Several staff houses constructed by aid agencies in Amuru District to enable civil servants stay near where they work to effectively execute their duties are unoccupied. The majority of the civil servants prefer to travel to and from Gulu Town daily.
The 16 units of houses were constructed in 2010 with funding from the Japan International Cooperation Agency (JICA) and the Northern Uganda Transition Initiative, an arm of USAID.
The State Minister for Local Government, Mr Alex Onzima, and Water State Minister Betty Bigombe, who is also the district Woman MP, during a visit to the district headquarters on Monday were shocked to discover that some civil servants report for duty after midday, a practice that has adversely affected service delivery.
The ministers were surprised to discover that only four of the 16 housing units built for the workers have been occupied while many of the senior civil servants continue to operate from Gulu town, about 50 kilometres away.
“You either work or resign because we are not ready to keep civil servants who are frustrating government programmes,” Mr Onzima said. There has been an outcry from development partners that civil servants are jeopardising their aid efforts in the district as they reportedly often abscond from duty and planning meetings.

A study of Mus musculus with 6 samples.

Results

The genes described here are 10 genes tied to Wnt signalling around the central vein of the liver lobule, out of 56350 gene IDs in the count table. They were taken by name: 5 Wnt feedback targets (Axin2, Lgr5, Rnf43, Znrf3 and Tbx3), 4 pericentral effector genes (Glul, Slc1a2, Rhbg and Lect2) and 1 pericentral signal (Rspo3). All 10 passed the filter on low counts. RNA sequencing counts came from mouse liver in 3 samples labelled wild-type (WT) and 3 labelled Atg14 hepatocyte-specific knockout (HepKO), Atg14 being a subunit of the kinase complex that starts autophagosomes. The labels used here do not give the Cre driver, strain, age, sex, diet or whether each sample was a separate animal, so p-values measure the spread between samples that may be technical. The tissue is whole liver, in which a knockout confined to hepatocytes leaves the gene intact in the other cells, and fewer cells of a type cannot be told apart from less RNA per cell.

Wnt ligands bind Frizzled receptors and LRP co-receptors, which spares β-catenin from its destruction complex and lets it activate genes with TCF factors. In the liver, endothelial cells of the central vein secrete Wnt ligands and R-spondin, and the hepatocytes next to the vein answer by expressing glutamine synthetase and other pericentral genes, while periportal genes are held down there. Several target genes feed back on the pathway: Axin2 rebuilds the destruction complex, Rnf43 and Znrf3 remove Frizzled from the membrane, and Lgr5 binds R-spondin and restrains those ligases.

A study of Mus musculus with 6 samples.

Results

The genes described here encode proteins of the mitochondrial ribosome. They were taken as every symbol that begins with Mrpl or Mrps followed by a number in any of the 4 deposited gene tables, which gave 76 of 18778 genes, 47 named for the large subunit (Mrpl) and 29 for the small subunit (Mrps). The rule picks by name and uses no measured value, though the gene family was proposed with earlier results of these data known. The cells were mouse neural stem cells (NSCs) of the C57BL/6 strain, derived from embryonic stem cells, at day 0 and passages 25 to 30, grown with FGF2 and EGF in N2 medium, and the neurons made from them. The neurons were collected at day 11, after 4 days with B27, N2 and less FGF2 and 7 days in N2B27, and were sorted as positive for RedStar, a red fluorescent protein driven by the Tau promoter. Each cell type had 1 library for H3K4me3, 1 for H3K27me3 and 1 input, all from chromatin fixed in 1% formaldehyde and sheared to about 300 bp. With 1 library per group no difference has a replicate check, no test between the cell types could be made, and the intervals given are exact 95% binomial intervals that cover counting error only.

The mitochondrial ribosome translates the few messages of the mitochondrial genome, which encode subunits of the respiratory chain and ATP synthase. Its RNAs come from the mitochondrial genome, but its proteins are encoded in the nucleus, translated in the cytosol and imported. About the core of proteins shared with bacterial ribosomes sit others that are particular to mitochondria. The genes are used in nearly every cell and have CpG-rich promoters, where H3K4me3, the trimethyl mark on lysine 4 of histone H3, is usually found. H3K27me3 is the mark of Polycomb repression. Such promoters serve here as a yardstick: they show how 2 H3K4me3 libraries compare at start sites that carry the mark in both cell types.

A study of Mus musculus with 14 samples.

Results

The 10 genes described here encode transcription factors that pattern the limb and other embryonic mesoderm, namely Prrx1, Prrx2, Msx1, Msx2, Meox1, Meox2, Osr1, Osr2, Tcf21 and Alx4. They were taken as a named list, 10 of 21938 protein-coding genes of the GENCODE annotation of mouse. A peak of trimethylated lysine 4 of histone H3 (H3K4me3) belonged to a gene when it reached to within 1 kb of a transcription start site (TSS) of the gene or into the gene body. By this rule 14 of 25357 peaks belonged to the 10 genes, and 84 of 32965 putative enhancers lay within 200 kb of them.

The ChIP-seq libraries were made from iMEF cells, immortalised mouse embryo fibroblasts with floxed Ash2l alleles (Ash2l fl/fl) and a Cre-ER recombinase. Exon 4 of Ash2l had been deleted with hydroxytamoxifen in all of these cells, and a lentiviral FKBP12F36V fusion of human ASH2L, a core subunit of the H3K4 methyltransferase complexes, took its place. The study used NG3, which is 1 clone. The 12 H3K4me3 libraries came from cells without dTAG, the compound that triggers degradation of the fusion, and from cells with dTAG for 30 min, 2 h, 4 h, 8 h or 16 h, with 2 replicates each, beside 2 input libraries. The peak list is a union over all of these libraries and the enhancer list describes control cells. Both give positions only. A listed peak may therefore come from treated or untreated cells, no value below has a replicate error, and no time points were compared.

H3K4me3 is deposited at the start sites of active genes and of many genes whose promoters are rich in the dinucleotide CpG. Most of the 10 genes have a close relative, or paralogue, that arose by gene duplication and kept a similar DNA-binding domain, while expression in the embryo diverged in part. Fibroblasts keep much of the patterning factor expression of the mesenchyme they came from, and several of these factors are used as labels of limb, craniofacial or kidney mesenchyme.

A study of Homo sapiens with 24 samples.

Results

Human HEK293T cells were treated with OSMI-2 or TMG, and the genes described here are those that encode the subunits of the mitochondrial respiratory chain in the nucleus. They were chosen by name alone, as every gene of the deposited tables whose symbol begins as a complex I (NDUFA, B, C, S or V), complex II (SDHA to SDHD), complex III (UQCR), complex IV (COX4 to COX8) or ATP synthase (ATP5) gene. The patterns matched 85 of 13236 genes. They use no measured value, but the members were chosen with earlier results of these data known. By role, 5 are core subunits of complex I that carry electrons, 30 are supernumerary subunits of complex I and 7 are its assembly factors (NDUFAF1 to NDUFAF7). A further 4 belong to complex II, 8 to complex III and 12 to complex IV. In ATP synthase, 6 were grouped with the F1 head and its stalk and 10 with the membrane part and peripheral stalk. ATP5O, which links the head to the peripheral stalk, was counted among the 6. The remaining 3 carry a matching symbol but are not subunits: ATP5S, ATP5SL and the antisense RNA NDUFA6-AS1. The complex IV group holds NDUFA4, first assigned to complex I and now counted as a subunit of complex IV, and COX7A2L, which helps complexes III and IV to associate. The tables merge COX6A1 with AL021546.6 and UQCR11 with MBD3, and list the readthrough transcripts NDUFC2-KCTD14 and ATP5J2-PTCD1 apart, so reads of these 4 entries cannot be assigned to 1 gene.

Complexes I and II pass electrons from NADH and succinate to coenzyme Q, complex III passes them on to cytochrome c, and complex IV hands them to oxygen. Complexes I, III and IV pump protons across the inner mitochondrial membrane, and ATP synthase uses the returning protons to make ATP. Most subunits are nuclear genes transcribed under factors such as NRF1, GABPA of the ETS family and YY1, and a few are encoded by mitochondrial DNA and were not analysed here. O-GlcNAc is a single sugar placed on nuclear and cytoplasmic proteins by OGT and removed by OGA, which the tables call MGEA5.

Mr Bigombe said Amuru was carved out of Gulu District to take services closure to the people, adding that this was being hindered by civil servants’ failure to live in the district. Ms Bigombe said Amuru civil servants are not committed to their jobs.
She said during her recent visits to the district headquarters, she discovered that civil servants are always absent from their offices without genuine reasons.
An earlier report released by an investigation team from the Office of the President indicates that the district uses about Shs60 million monthly on avoidable fuel expenses, especially transport to and from Gulu town where majority of the civil servants live.